Advice to Declutter and Pack a Home in Preparation for Sale

Summer is a busy time to move and sell your home. With the housing market remaining strong, it is as important as ever to get as much return as possible from one of your largest assets; your home. As moving professionals, our advice is to de-clutter and clear the space as much as possible prior to selling. One motivator that is not often thought about is the price of moving.

To break it down into local and long-distance moving – local moves are charged based on the size crew, and the amount of hours worked, plus packing. Long distance moves are charged based on the miles driven and weight of the shipment, plus packing. In both scenarios, the less weight and less packing, the less the move will cost. With the cost of moving rising due to shortage of drivers, and cost of fuel and operation, this can be a large amount of savings.

Once the process of de-cluttering, or more properly referred to, rightsizing, has occurred, packing of the home can begin. First, plan to pack items that are not being used, and will not be needed. Often times, this can be closets, spare bedrooms, basements, and garage areas. Soft and lightweight items can stay in dressers and chests. The furniture will be either shrink wrapped or pad-wrapped and secured closed.

Group like items together. For example, you do not want to pack fragile china cabinet items with pots and pans or tools. Prior to loading the box, add a layer of 2 to 3” packing material on the bottom of the box. This can be newspaper, towels, etc. Use caution with newspaper; it should not be used on packing individual items. The print can rub off, and it makes for a very messy unpack. Fragile items should be individually wrapped, and the more fragile, the more packing around. Once the fragile item is fully wrapped in paper, its edges should not be felt. Plates, serving platters, mirrors and pictures should be placed vertically in the box. Heaviest items should be placed in the bottom-most layer. Once an entire row is completed, another 2-3” of packing material should be added before starting the next layer. This next layer should be lighter items than those below.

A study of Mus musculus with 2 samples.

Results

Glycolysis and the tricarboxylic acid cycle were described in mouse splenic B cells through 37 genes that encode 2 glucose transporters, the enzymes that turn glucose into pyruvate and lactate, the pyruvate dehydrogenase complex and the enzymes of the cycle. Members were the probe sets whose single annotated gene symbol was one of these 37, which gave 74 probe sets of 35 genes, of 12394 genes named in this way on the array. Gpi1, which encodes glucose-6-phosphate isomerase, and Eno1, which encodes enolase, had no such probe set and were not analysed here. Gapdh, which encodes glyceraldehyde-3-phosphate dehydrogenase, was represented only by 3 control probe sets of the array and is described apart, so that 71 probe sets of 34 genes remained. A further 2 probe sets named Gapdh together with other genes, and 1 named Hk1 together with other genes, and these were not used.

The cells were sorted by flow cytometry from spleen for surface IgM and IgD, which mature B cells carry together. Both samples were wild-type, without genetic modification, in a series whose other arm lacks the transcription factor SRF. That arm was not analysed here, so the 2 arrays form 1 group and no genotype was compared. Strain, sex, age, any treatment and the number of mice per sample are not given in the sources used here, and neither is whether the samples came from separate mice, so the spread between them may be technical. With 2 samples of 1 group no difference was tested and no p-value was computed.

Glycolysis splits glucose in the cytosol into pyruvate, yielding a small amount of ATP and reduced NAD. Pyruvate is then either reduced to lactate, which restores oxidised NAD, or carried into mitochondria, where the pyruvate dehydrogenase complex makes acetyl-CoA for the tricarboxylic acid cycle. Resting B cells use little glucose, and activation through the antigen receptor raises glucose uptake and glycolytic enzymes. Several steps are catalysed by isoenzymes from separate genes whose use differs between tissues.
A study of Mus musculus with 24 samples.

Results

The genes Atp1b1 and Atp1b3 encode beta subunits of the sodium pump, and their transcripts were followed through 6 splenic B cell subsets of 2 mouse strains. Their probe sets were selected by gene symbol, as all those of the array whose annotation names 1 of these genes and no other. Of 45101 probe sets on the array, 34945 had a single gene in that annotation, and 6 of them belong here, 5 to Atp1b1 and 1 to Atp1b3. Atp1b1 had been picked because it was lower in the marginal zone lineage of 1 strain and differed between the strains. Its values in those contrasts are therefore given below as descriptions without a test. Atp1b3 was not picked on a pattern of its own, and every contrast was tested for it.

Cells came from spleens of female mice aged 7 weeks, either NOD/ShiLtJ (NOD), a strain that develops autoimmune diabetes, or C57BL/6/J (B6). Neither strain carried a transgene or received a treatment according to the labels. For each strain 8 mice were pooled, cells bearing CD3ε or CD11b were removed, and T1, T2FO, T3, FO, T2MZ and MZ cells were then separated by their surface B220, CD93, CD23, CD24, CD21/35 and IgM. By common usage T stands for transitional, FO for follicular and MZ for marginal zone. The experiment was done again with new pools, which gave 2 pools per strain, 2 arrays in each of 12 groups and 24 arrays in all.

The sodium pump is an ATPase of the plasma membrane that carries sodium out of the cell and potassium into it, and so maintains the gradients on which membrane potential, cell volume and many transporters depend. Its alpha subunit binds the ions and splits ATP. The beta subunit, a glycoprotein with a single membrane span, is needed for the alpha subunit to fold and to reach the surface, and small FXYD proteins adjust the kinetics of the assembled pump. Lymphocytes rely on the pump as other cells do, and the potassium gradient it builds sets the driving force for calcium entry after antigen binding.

Packaging Materials

Once the box is completed make sure to label it with the contents and where you want the box to end up in the new place (kitchen, master bedroom, living room, garage, etc). If there are liquids in the box, mark an upward arrow to warn the mover not to tip the box. For extremely fragile items or lampshades, mark the box as ‘top load,’ so that it is protected in the move. For those items you need when the truck first arrives, mark the box or item ‘last load,’ so it is the first off the truck. For more helpful packing and moving tips visit www.mayflower.com/tips!